HOUGHTON, MICHIGAN (December 30, 2007) — The fences are up, trails are marked and there is plenty of snow. Skiers have started arriving in Houghton, Michigan, for the 2008 U.S. Cross Country Championships.
The first of four cross country ski races kicks off New Year's Day 2008. More than 460 skiers have registered, representing close to 30 colleges, various ski clubs and the U.S. Ski Team. Several Olympic skiers will vie for the national championship, including top women's skier Kikkan Randall and top men's skier Kris Freeman, both of whom scored victories here in 2007.
In this area known for snowfalls averaging more than 250 inches per year, event organizers had to contend with low snowfalls and shoveling the entire five-kilometer course in 2007. Not so this year and skiers will face a tougher challenge.
“The low snowfall last year forced us to change some of the courses,” said Mike Abbott, chair of the organizing committee. “This year, the skiers will see much more challenging terrain, with more screaming downhills and tough climbs back to the top.”
All of the races will take place at Michigan Tech University's Nordic Training Center. The center features more than 20 kilometers of trails, The Boss Snowplow Nordic Waxing Center, three web cams (with views of both the start and finish areas), and groomed spectator paths for viewing the action at several locations.
Monday, December 31, will serve as an official training day for the first set of races, which will kick off at 9 a.m. on January 1 with the sit-ski event. Disabled skiers will double-pole their way around a 2.8 kilometer course, with the men skiing a total of 11.2 km and the women going 8.4 km.
The women's five kilometer freestyle will begin at 10:30 am. Last year's surprise winner, Idaho high-schooler Alexa Turzian — now skiing for Middlebury College — will try to defend her title. All of last year's top five will be back, including Randall and Olympic skiers Lindsey Weier-Dehlin and Taz Mannix.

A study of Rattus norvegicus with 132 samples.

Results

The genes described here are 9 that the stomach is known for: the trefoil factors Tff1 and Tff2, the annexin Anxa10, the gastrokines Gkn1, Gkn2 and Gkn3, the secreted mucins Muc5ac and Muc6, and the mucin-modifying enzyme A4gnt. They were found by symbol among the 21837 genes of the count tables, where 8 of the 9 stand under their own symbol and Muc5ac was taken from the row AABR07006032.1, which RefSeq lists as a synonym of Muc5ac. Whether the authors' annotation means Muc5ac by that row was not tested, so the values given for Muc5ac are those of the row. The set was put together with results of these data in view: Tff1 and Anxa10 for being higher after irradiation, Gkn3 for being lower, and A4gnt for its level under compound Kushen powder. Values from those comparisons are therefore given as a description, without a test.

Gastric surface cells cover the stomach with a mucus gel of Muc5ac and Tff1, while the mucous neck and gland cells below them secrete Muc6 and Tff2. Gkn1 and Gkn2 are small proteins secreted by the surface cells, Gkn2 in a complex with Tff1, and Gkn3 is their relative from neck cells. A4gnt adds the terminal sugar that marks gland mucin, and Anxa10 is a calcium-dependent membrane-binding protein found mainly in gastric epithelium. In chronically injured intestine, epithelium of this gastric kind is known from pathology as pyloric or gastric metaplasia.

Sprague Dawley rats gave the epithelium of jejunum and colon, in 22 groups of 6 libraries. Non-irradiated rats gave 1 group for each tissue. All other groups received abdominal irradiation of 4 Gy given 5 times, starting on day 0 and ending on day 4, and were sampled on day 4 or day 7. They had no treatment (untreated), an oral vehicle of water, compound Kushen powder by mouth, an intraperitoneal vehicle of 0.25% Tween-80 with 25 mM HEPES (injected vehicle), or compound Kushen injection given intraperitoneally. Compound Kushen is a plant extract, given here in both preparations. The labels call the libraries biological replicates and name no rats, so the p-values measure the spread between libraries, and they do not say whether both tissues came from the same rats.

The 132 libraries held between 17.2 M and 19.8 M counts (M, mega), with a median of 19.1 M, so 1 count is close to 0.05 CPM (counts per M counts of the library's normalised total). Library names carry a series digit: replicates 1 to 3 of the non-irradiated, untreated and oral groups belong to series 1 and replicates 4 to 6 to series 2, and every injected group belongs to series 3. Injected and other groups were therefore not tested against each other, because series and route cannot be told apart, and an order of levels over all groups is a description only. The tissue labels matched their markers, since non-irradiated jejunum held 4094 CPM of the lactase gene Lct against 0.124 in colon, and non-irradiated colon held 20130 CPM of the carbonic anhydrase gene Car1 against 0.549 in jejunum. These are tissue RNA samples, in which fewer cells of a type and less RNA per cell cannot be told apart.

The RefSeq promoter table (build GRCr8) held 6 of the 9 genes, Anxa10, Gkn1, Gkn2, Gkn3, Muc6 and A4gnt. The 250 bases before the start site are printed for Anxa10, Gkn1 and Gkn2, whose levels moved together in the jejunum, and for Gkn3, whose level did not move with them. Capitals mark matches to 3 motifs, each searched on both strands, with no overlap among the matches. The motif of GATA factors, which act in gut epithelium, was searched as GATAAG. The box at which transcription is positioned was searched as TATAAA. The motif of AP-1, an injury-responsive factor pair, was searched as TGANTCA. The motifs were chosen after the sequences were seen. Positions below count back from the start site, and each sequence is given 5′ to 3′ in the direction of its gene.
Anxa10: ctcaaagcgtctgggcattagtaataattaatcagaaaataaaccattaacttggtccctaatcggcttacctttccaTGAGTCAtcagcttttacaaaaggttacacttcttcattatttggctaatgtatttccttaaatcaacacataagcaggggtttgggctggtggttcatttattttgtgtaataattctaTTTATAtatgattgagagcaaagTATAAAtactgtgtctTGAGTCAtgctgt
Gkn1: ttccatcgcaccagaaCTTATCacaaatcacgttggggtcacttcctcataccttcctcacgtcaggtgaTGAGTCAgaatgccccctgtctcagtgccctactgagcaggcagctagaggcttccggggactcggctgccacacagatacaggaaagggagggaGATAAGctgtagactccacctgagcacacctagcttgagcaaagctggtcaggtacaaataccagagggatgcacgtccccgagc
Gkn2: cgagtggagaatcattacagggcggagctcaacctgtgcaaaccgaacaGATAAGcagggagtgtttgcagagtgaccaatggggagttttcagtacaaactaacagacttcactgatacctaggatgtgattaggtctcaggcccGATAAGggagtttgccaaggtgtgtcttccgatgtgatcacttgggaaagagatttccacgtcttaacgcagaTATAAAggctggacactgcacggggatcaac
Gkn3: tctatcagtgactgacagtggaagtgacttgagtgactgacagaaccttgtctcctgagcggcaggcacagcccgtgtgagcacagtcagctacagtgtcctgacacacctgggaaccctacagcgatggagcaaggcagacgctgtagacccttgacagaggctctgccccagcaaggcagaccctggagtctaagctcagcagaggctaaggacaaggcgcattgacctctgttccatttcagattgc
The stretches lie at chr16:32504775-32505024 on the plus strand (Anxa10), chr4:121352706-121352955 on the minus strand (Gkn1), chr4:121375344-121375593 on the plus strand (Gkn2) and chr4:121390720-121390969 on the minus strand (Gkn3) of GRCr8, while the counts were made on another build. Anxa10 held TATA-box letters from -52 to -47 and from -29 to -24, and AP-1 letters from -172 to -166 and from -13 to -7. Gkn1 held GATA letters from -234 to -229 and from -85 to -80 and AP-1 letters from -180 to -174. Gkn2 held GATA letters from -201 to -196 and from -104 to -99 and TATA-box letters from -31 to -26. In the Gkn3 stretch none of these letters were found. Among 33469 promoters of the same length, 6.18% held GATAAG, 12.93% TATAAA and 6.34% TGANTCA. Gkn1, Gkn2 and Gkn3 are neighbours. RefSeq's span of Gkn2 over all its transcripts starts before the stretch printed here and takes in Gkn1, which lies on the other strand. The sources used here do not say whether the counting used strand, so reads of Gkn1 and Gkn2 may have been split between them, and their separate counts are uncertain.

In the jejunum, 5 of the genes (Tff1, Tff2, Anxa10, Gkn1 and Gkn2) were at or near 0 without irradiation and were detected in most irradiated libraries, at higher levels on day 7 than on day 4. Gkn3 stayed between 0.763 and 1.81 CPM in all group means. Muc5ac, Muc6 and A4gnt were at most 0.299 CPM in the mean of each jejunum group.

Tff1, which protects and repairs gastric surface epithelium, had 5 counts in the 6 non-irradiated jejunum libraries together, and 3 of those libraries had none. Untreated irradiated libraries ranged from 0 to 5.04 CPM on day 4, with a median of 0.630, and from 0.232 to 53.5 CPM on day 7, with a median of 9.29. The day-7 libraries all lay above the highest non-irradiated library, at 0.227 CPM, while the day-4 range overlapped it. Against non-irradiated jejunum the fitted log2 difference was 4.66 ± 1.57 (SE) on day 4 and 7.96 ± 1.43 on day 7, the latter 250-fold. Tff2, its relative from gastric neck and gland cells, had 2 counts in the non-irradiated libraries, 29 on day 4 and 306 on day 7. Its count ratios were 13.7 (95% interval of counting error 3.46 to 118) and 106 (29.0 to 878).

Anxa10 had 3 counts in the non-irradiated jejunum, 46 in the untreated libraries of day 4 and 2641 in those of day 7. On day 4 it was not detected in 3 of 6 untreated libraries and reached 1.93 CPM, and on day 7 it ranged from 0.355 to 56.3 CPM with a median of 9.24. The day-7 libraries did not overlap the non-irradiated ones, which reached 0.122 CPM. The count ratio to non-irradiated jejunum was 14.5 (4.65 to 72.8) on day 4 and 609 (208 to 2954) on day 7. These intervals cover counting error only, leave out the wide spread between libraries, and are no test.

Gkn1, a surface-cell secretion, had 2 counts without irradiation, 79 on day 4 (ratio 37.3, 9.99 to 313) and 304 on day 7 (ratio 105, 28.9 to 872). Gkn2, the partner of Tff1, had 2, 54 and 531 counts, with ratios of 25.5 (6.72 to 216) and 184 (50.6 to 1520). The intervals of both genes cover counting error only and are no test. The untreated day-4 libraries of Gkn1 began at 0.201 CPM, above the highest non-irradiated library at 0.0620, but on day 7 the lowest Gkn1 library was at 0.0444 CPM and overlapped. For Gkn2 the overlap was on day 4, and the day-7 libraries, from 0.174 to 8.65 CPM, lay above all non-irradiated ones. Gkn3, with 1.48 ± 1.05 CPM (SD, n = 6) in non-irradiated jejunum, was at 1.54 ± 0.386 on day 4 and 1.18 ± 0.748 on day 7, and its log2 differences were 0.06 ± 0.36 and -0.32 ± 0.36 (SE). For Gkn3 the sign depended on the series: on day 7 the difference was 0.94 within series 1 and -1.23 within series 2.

The men's 10 km freestyle will begin at 1 p.m., with defending champion Kris Freeman considered a favorite to repeat. Just as with the women's freestyle, all of the top five from 2007 will be back.
The classic competition takes place on Thursday, January 3, with the sit-skiers completing 5.6 kilometers, the men skiing 15 kilometers and the women going 10 km.
Weier-Dehlin is the defending women's classic champion, but Randall was just eight seconds back last year and her Alaska Pacific University teammate Laura Valaas was a second behind her. Freeman won the men's classic last year, just ahead of Andy Newell and Chris Cook — and all three are U.S. Ski Team members.
Sprints will take place over the next three days. A first-ever sit-ski sprint will be held Friday, January 4, starting at 9 a.m. Other skiers have Friday as a training day, with their sprint races taking place on Saturday and Sunday.
Freestyle individual sprints will be held all day on Saturday, January 5, with qualification rounds kicking off at 10 a.m. Competitors ski a 1,300 meter course featuring a fast downhill with an almost-180-degree turn at the bottom.
Last year (using the classic technique), U.S. Ski Team sprint specialist Andy Newell grabbed his first national title and Kikkan Randall, a recent World Cup sprint winner, took the women's title. Newell held off two of his Olympic teammates, Torin Koos and Chris Cook. Randall, second in the classic and freestyle technique title races last year, pulled away from Valaas, with Weier-Dehlin finishing third.
The final day of racing will likely see a record number of two-person teams entered in the classic team sprint competition. Each team member alternates skiing three loops of the 1,300 meter course. In a wild finish last year, Factory Team members Lars Flora and Chad Giese won by less than one second over Newell and Koos. On the women's side, Valaas and Caitlin Compton won handily over Randall and Mannix.
For complete information, up-to-the-minute results, and links to the three web cams, go to www.seniornationals.org.